Working with an institution for mentally disabled people, was completely new for our colleagues from Ethylene & Sulfur Derivatives in San Lorenzo, Argentina. In fact, it meant quite a responsibility as well as a new challenge and they were very excited to help the CADI institute. Over the past 20 years, this institution has been active in helping disabled people prepare for the job market. It is well known in the area and our colleagues were determined to make a contribution to their worthwhile work and - through the intermediary of the Chamber of Commerce - they were introduced and discussed the possibilities with the staff.
The well-known Chinese saying "Give a man a fish and you feed him for a day; teach a man to fish and you feed him for a life time" is CADI’s motto and our colleagues were impressed to see the positive impact of their activities on the community. HR Site Coordinator, Alvaro Rodriguez Arias explained: "they teach more than a job; they teach a trade, they teach responsibilities and the value of being part of something bigger." Based on several discussions, our colleagues drew up a plan of action to help the institution to become even more effective. Support from the Community Program was granted and work could begin. As it became quite an ambitious project, they also convinced their colleagues from Buenos Aires to roll up their sleeves and join them in a journey that took several months.
The job was started by helping to build and paint (provided for free by Decorative Paints) a new production area for the workshop. Several teams were created consisting of employees with special (technical) knowledge such as HR, Electrical Maintenance, HSE and Production. These specialists helped empower the project by giving trainings in HSE, teaching the proper way to use personal protective equipment (PPE), and improving the electrical facilities as well as the production machinery (looms and sewing machines). The creation of a bigger production area not only facilitated the institution to employ more workers with disabilities but, what is even more important, resulted in safer working conditions.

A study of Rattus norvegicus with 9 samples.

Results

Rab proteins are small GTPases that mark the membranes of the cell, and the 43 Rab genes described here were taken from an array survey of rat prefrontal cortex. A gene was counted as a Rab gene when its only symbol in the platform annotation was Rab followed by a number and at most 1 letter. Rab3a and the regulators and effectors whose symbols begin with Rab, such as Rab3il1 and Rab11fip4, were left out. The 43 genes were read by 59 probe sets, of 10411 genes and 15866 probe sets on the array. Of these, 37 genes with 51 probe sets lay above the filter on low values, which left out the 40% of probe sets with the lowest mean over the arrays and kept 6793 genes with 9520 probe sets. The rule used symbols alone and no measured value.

The regular visits to CADI created a strong bond between our volunteering employees and the disabled people as well as the staff. In between jobs they organized a Karaoke show to have some fun with each other. The involvement of our employees not only helped to improve the place in matters of security of comfort but also made some volunteers discover that they had hidden talents. Clearly, a win-win situation for all involved, as Alvaro Rodriquez concluded: "the CADI project was a long journey. We made a big effort to complete this major community project and the results were comforting. I think that not only we helped them with materials things…we helped them to be part of our community. The mission of CADI is very important and we are proud to have been able to help and be part of it."